How to reduce the impact of Redundancy on your business

It’s inevitable that there will be redundancies as a result of the current crisis. Experts are warning that hundreds of thousands of jobs could be lost.

Most businesses will want to avoid redundancies and retain their best staff for when it’s business as usual again. Rehiring staff can be costly and inefficient (particularly if you have made people redundant – employees don’t have to pay that back), which can lead to the business taking longer to get back on its feet. 

However, in the current environment, limiting redundancies is a big challenge for businesses. Therefore developing and implementing a combination of cost cutting and different workforce management strategies is essential.

Contingency & Financial Planning For Cutting Costs

Sound financial and contingency planning is at the core of any successful business, but even businesses with strategies in place to deal with unexpected scenarios will struggle given the unprecedented scale of the current crisis. Most redundancies come about as a result of the need to reduce business cost, so firstly, it’s important to look at other ways of cutting costs.

Initially, this means examining what you can do to adapt your business model or work processes to stay in business throughout the crisis.  

Here are the actions in the order I would advise a client to follow, if they said to me,  “I need to reduce staff NOW!”

1. Furlough and flexible furlough employees wherever possible and remember that this needs to be agreed in writing and that you need to retain records for at least 6 years in case of audit by the HMRC or potential employment law claims.

2. Ban overtime and any other enhanced payments, unless business critical and make sure it is ALWAYS authorised in advance.

3. Look at any agency workers or consultants first – In the current crisis, this usually has been done – only business critical roles should be retained.

4. Another option is to offer unpaid sabbaticals or unpaid leave. You might be surprised how many employees are willing to take up the offer of unpaid leave to spend quality time with their families or on a personal project.  Taking annual leave entitlement is a longer term cost reduction, as you still have to pay holiday pay therefore no immediate cost saving.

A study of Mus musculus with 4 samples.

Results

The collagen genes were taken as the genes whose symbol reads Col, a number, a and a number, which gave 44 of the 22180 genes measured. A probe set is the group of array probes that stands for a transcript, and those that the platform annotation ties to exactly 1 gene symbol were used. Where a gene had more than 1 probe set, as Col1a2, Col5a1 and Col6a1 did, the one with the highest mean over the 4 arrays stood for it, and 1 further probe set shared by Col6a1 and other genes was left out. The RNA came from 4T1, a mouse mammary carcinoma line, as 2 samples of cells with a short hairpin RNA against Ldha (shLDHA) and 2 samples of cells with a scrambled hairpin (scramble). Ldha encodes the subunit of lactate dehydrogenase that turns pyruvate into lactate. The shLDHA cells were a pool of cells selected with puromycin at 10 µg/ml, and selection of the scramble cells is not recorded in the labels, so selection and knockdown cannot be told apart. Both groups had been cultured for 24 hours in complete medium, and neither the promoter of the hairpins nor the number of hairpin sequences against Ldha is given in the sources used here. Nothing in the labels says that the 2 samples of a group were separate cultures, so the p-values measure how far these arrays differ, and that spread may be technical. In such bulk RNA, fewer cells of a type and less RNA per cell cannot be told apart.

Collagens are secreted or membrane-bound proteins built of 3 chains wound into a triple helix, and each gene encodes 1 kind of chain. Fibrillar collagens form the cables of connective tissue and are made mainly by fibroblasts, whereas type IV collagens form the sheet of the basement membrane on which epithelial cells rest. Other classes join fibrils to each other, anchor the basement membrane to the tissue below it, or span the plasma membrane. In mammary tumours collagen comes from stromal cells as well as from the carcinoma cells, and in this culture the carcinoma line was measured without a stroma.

5. Look at any temporary or fixed term employees, these generally have the lowest service and are on a contractual notice of one week. Again, check the contract and either get them to work the notice or pay it out. Be aware they might have some accrued holiday which you can make them take for the period of the notice – making a further cost saving in not paying out holiday pay and making better use of the notice period.

6. Employees under 2 years service. These employees do not have the right to “fair dismissal”. This means that they don’t have to go through a disciplinary process, redundancy process or similar. You have to be careful of potential discrimination claims but you can terminate them with only their notice (worked or paid in Lieu) and any accrued holiday pay.

7. Do you have a lay-off clause in your contract of employment? If yes, then look at the potential for laying off staff for the maximum period of 4 weeks and on the guaranteed payment of maximum £29 per day for a maximum of 5 days in a 3 month period. Don’t do lay-of or short time working for more than 4 weeks continuously or call us if you are thinking of any other time period or part time lay off’s. If no, its not an option for you in this crisis – come and speak to us about re-designing your contracts of employment.

8. Negotiate with employees for short time working or pay reductions. Most employees want to keep earning at least something and if you have treated them well in the past, you are more likely to gain agreement for a pay cut, reduction in hours of work or days of work for a temporary period or permanently. This means that you can keep going with the goodwill of your current employee base. Make sure you gain all employees concerned explicit consent in writing.  

9. Redundancy.  Those employees with over 2 years service have a right to a fair dismissal – a redundancy process and a redundancy payout. This is a strict process of consultation, fair selection for redundancy and notice of redundancy. This is the final choice for you as a business owner as there is a major long term impact of loss of experienced staff, pain of actually carrying out the process and of course, in the short term, a redundancy payment bill.  There is also the potential of Tribunal claims if you don’t do it properly. Of course, if you call us we can make sure you handle it all correctly.

The worst option of all is redundancies. Not only can redundancies have a negative impact on the business and 
the lives of those who lose their jobs, the entire workforce can be affected through the loss of employee morale. 

If redundancy is ultimately a route you need to take, it’s important to ensure it’s done correctly to minimise the

 impact on your employees. 

Breathing Space HR offers a Redundancy Support Package £400+VAT 

Ensure you are legally compliant and we will support you and your employees through this difficult period.  

For more information contact admin@breathingspacehr.co.uk.